Always on call: how does the immune system perform?

Our immune system recognizes and fights infections in a constantly changing environment, where new pathogenic threats emerge. At the crossroad between physics and biology, Prof. Aleksandra Walczak investigates the fascinating process that allows the immune system to be always ready to adapt and evolve to face new dangers.

20-01-2017 | Automatic electrical testing of hybrid CMOS/magnetic chips from HYMAGINE 4 mins read

Hot electronics get magnetic cool

The EU-funded HYMAGINE project has combined conventional electronic transistors with new magnetism-based ‘spintronic’ devices to improve information processing speeds and reduce energy consumption.

17-01-2017 | © Portrait: Kevin Homewood | © Illustration: Ion Beam Centre, University of Surrey, Guildford, Surrey, GU2 5XH, UK 3 mins read

Silicon in a new light

In an early application of a new discovery in semiconductor physics, EU-funded researchers have developed a silicon infrared detector that is simpler and cheaper than conventional detectors. The ultimate goal is a silicon-based laser.

13-11-2015 | © istockphoto 4 mins read

Interview with Artur Avila, Fields Medal Awardee and Brazilian ERC starting grant awardee

Artur Avila is a franco-brazilian leading mathematician and an ERC grantee since 2010. At the age of 16, he won the International Mathematical Olympic gold medal and before finishing high school, he received a scholarship for the Instituto Nacional de Matemática Pura e Aplicada (IMPA) of Rio de Janeiro. He is now senior researcher both at the National Center for Scientific Research - CNRS and IMPA. In this interview, Prof. Avila tells us about his international career and the research he conducts both in Brazil and France. 

04-11-2015 | © picture 2 mins read

The brain: a tuneable 'hardware'

A crucial discovery of how the brain functions has been made by EU-funded researchers.  ERC Advanced Grant holder Prof. Oscar Marin and his team have shown that brain's 'hardware' - using the computing metaphor - is in fact tuneable and can adapt to internal and external influences. The findings could help develop new therapies for neurological disorders such as epilepsy, which affects around 50 million people globally.

27-10-2015 | Image: © NASA, ESA, the Hubble Heritage Team (STScI/AURA), J. Blakeslee (NRC Herzberg Astrophysics Program, Dominion Astrophysical Observatory), and H. Ford (JHU) www.spacetelescope.org 2 mins read

Setting eyes on the dark side of the universe

More than 95% of our universe comes in the mysterious form of dark matter and dark energy that we can neither explain nor directly detect. Dr Catherine Heymans leads a team of researchers who were the first to “map” dark matter on the largest of scales. She now uses her research to confront Einstein’s theory of general relativity in an attempt to explain the nature of dark energy.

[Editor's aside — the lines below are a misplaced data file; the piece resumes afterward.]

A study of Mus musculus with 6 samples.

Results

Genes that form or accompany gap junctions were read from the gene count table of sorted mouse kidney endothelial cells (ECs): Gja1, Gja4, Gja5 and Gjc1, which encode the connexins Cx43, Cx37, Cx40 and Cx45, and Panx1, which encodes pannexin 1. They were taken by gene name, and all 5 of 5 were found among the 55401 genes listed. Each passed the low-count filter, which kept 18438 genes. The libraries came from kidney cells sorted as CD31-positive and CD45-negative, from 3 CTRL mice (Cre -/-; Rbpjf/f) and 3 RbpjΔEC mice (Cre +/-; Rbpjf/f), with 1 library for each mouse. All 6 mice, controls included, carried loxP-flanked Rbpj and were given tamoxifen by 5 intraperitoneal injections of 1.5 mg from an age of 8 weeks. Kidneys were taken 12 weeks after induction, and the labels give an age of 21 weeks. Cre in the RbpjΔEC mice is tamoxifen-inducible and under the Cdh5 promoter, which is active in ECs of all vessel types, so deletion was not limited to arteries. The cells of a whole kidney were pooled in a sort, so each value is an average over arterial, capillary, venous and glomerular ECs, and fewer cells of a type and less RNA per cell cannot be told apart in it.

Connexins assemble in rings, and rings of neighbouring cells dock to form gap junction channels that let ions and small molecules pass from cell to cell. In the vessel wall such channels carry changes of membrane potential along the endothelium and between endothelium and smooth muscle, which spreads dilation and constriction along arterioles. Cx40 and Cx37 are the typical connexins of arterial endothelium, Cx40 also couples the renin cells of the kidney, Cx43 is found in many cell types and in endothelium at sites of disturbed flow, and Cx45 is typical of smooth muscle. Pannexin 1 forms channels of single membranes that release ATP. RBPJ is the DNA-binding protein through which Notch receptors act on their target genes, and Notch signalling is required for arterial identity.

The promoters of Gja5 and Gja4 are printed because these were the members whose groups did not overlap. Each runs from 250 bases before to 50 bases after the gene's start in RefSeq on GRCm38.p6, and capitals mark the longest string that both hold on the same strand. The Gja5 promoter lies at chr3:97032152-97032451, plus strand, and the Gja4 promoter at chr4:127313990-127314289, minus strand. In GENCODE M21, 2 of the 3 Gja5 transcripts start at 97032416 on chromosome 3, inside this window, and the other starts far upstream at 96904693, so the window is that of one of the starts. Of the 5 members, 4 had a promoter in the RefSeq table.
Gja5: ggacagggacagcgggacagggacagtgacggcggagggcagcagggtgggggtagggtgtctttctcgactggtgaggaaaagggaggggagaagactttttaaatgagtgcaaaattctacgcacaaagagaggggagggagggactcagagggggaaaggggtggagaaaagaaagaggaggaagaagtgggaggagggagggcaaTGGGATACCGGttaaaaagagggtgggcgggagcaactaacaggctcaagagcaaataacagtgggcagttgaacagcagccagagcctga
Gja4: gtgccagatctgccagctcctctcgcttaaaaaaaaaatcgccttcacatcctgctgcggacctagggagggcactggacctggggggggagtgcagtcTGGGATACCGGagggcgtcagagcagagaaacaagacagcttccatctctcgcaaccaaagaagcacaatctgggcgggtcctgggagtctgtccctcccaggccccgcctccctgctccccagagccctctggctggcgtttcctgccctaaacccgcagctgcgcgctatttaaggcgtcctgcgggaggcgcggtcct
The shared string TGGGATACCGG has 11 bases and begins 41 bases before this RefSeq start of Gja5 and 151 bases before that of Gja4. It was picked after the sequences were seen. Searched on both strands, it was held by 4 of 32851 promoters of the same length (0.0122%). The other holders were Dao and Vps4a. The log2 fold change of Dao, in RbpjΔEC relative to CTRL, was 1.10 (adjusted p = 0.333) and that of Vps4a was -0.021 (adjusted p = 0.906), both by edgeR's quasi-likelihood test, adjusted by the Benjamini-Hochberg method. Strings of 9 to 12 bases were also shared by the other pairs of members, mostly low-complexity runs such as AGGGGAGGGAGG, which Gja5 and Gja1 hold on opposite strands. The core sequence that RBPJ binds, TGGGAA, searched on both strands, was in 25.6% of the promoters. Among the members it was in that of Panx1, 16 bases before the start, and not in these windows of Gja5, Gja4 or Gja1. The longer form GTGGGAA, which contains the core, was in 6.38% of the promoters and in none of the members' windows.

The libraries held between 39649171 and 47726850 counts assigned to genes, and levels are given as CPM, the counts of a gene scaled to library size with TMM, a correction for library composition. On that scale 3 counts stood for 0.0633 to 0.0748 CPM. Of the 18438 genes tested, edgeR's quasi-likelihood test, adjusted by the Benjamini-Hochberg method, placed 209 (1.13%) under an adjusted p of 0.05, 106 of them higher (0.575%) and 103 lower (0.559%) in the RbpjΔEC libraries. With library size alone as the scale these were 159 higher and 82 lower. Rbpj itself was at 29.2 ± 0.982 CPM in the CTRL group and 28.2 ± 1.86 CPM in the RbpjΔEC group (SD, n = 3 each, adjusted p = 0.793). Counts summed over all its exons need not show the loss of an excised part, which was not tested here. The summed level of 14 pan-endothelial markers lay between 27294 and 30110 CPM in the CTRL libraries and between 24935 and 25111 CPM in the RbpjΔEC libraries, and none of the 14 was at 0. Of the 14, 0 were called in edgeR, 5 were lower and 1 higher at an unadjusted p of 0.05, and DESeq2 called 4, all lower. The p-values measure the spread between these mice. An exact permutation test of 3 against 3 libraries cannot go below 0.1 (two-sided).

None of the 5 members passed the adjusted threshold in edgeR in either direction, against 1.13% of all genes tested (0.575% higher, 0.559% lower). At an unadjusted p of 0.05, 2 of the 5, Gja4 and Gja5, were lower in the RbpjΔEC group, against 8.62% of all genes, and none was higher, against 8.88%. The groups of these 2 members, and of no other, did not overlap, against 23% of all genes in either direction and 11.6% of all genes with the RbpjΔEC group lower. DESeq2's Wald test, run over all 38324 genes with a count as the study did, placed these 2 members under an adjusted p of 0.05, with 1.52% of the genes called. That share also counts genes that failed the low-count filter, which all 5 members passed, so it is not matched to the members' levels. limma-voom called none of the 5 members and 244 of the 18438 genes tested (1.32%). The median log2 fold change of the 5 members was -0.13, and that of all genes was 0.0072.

09-10-2015 | © picture 2 mins read

Towards the next revolution in computer science

We are nowadays in the middle of the second quantum revolution. The first one brought forward the rules that govern physics at the atomic level – the quantum mechanics. The second entails the use of these rules for developing new technologies. In his ERC-funded project, Prof. Andris Ambainis from the University of Latvia investigates new methods of developing quantum algorithms and the limits of quantum computing.

14-09-2015 | © National Oceanography Centre, UK 4 mins read

Back from the depths of Whittard Submarine Canyon

A team of 28 scientists and engineers led by ERC grantee Dr Veerle Huvenne has just returned from a successful 5-week expedition on board the RRS James Cook. They used tailored marine equipment to provide some of the first detailed acoustic maps of the fauna inhabiting the vertical cliffs of the Whittard Submarine Canyon. In this interview, Dr Huvenne shares her impressions on an extraordinary scientific journey.

10-09-2015 | © Theo Wilson 3 mins read

From blue ocean to icy clouds

We know that clouds in the Earth’s atmosphere are made of liquid water droplets, ice particles or a mixture of both. Still, our basic understanding on the nature of these ice particles, how they form and their role in climate continue to be poor. The results of Dr Benjamin Murray's ERC research, published today in Nature, add a new piece to the atmospheric puzzle.

17-06-2015 | © National Oceanography Centre, UK 4 mins read

Into the Deep

A team of 28 scientists and engineers led by ERC grantee Dr Veerle Huvenne has just returned from a successful 5-week expedition on board the RRS James Cook. They used tailored marine equipment to provide some of the first detailed acoustic maps of the fauna inhabiting the vertical cliffs of the Whittard Submarine Canyon. In this interview, Dr Huvenne shares her impressions on an extraordinary scientific journey.